It's so simple to be wise.  Just think of something stupid to say, and then don't say it.     Sam Levenson (1911-1980)

Thursday, October 2, 2008

Nine Days to Go...

I admit it:  Over the past two days, my mind was wandering during parts of the tefila (prayer).  No, not just the repetition, my own tefila.  Much of what I was thinking about was teshuva (repentence), more often than not, the teshuva I'm not doing, don't know how to do, or don't have the strength to do.  Since these ten days from Rosh haShana until Yom Kipur are designated "teshuva days," I guess I have some additional time.  Meanwhile, over the holiday, one thought was especially plaguing me.

Over the past few weeks I offended an acquaintance.  Not by something I said, exactly, rather by something I did, but we all know what speaks louder than words.

The irony is that, as in I did not mean to offend her.  Furthermore, I did not want to offend her, had no reason to offend her.  Had I been thinking in a certain direction, I would have easily developed a clearer understanding of how my actions could be construed as hurtful. but I wasn't thinking about that at all.

During tefila, I came to a new understanding of a rather simple concept:  So many, perhaps a majority, of the occasions we hurt people, come about not because we are trying to hurt them , but because we haven't considered how our motivations and actions will affect them.  We act based on what we want or need, but our precious egos constrict our consideration for the minds and hearts beyond our own.  

How many times have I been offended by someone who either didn't mean to offend me, or didn't mind offending me because his own desires took priority?  Millions of times.  This ego, which gives us the strength and courage to be productive, empathic, motivated people, is often too full of strength and bravado for our own good.

Perhaps for this reason, the Jewish people are always being called on to see things from a "G-d perspective," especially during this time of year.  Whether or not a person chooses to believe in G-d is almost irrelevant -- in any event, we all understand what it means to sometimes question the existence / power / presence of G-d.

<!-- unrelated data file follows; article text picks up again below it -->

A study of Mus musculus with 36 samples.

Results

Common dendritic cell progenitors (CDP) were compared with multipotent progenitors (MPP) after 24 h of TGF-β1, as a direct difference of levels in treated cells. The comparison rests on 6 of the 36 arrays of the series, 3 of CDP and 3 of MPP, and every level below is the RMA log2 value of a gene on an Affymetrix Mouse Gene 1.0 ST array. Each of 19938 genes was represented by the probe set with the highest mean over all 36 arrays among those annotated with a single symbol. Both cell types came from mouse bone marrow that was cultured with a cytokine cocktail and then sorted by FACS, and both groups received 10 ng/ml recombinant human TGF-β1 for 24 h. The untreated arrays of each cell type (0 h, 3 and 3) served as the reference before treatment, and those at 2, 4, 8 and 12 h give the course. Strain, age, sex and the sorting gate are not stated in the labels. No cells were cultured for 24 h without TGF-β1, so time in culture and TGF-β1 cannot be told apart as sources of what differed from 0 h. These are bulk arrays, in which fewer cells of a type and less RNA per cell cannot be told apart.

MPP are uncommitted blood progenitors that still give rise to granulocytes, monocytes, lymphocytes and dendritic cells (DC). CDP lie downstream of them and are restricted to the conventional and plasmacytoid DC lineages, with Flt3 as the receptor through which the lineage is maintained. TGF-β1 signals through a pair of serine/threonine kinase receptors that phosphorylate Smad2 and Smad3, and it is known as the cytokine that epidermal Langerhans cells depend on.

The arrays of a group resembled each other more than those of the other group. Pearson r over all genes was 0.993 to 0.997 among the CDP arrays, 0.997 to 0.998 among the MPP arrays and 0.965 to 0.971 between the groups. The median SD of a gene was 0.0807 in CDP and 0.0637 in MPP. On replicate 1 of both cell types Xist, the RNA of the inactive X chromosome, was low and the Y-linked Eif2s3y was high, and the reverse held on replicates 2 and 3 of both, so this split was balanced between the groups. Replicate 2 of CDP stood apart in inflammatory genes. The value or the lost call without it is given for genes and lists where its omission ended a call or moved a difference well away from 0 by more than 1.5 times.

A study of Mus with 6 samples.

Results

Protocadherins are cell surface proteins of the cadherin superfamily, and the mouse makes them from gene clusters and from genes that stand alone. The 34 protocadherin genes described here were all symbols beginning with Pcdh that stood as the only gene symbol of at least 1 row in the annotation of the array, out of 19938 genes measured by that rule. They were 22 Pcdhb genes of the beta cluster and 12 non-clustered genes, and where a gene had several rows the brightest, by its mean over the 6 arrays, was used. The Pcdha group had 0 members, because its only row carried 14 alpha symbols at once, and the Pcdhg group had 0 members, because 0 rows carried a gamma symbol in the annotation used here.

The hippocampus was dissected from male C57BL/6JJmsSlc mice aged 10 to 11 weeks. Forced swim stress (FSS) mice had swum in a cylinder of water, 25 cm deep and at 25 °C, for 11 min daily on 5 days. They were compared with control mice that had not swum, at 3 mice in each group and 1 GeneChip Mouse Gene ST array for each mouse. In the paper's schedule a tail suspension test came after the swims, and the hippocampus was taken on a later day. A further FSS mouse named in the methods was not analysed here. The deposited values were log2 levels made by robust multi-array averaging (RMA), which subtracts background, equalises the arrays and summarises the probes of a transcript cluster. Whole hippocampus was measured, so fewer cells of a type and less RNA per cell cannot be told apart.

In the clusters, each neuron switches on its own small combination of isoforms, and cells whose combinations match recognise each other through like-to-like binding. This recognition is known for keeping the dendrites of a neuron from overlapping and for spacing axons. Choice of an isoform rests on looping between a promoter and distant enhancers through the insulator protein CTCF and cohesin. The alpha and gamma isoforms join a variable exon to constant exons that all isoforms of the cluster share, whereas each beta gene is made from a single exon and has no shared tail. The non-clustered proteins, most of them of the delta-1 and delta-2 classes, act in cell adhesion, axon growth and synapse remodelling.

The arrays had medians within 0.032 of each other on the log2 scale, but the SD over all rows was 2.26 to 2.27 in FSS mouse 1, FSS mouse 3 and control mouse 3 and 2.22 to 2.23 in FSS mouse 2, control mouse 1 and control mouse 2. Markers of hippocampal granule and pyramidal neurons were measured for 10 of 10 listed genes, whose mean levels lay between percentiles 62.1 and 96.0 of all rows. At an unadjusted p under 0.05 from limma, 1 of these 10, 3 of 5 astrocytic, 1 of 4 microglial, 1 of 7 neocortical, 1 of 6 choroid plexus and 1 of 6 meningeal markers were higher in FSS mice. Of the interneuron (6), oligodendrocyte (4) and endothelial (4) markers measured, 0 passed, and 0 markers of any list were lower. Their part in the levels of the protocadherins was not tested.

However, when we are asked, offered, or demanded to view things from the G-d perspective, we are required to look beyond ourselves and see things globally.  How does G-d really see the big picture?  How does G-d make sure everyone's needs get met?  To what extent do events in one place affect those in another?  How do my actions, my motivations, affect my friend, my neighbor, my colleague, my fellow humans?  

I don't have the answers.  I only have a blessing for myself and others:  That we will shape our own motivations and actions with more empathy, compassion, and understanding toward the motivations and actions of others. 

Keep the balance,

ALN

4 comments:

muse said...

Such a beautiful post

ProfK said...

I believe you are right: more hurt takes place unintentionally than intentionally, because we are not thinking about others but only ourselves. Certainly an area I'm going to try harder in.

rickismom said...

Excellent post!

Usually this happens when we are not really "with" the other person. If you understand where they are holding, you can usually steer clear of pitfalls!

A Living Nadneyda said...

Muse - Thank you.

ProfK - So will I.... often the challenge is figuring out how to think about others, in a way that will benefit them and ourselves. Lots of work to do there.

Ricki's Mom - So glad you're still one of my readers! But I totally understand, keeping up with so many blogs can become a big time commitment, competing with all the others... glad you're trying for more balance this year, and good luck.